KPK to Study Reports of Sex-service Graft


The Corruption Eradication Commission (KPK) will study reports of grafts in the form of sex services delivered to offices, its spokesman Johan Budi said.

“There have been indications that it happens, but no empiric data confirming this is presently available,” he stated here.

He noted that until now, the KPK has never received reports about these kinds of grafts. The issue has not yet been studied because no incident has been reported to the KPK, he added.

He remarked that giving state officials gifts to manipulate them to either act or avoid acting on any issue relating to their state duties is an act of graft.

If the graft is not reported within 30 working days, it could become a criminal act of bribery, he added.

A researcher of Yogyakarta-based State University of Gajadmada’s Anti-Corruption Study Center, Oce Madril, had previously called on the KPK to maximise the use of its legal authority to bug telephones and monitor conversations to unveil sex-service graft cases.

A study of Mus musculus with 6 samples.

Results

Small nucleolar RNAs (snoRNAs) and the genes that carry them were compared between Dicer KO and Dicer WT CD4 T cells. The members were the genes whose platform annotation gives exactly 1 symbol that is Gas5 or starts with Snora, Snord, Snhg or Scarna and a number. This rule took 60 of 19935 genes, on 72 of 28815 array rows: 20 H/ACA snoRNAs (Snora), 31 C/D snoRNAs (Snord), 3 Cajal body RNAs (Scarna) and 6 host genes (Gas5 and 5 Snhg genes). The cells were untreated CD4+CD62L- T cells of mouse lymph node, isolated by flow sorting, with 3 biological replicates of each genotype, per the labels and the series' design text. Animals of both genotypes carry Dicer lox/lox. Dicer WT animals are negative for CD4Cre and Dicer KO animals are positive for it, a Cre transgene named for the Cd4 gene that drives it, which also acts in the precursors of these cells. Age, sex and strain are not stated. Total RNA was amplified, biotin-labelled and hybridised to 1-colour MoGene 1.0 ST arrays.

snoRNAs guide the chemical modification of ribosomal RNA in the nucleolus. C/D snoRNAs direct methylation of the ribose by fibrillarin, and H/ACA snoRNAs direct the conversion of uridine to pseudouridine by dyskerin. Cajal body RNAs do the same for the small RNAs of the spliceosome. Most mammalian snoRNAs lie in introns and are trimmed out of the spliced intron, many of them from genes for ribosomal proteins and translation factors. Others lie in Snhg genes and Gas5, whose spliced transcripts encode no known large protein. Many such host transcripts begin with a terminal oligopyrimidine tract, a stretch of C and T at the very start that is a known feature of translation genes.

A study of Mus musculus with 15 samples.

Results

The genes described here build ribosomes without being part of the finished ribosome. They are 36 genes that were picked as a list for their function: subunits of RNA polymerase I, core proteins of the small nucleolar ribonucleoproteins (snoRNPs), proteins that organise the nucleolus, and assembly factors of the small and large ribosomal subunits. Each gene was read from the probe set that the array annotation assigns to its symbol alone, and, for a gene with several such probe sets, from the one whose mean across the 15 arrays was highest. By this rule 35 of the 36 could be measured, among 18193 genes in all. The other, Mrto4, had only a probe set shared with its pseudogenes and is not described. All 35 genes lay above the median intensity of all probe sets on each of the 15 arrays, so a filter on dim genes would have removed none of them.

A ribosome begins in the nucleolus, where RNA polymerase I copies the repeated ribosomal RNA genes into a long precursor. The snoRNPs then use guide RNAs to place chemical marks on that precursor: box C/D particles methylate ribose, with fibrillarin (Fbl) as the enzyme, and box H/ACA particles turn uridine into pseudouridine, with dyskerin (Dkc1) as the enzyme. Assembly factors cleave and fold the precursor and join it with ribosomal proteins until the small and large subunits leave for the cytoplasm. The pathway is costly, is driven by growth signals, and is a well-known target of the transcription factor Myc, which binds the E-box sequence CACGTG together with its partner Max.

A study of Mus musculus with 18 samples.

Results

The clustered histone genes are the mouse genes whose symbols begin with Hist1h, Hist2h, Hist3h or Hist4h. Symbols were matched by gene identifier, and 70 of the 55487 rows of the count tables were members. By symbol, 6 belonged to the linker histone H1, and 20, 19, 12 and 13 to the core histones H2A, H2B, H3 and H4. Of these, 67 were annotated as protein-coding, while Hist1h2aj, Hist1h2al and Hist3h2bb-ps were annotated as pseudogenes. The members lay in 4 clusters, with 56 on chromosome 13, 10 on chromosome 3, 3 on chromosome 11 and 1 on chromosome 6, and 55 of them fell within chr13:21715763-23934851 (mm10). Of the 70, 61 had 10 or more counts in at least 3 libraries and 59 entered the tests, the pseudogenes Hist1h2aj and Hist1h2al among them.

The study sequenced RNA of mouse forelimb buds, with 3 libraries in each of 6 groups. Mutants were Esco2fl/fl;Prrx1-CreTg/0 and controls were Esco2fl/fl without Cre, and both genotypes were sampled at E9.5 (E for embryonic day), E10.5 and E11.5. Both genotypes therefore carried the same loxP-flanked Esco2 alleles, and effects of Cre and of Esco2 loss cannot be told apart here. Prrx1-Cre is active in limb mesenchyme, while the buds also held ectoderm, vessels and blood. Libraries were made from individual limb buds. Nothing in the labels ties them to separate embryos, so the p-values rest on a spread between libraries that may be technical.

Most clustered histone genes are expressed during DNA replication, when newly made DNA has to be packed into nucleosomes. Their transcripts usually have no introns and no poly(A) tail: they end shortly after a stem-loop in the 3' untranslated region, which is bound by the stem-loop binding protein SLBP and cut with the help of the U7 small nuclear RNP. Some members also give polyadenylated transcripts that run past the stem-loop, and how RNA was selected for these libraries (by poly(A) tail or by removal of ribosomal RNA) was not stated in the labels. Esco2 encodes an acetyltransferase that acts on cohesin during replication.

He said this kind of service usually accompanies the main graft, which is typically in the form of money or property.

The KPK’s director of graft affairs Giri Supradiono meanwhile pointed out that depending on the law, grafts may not always be in the form of cash but could also be in the form of entertainment.

In view of this, he noted that it was now time for Indonesia to learn from Singapore, which has already implemented a penalty for grafts provided in the form of sex services.

“Indeed, [the case] is not easy to prove. It is a matter of case building, and so, it must be proven,” he emphasised.

Giri explained that so far, the KPK has not received any reports of a sex-service graft case.

Based on Article 12B paragraph 1 of Law Number 20 of 2001 on corruption, a graft is broadly defined as providing money, discounts, articles, travel tickets, loans with no interest, commissions, hotel service, a free tour package, and free medical treatment.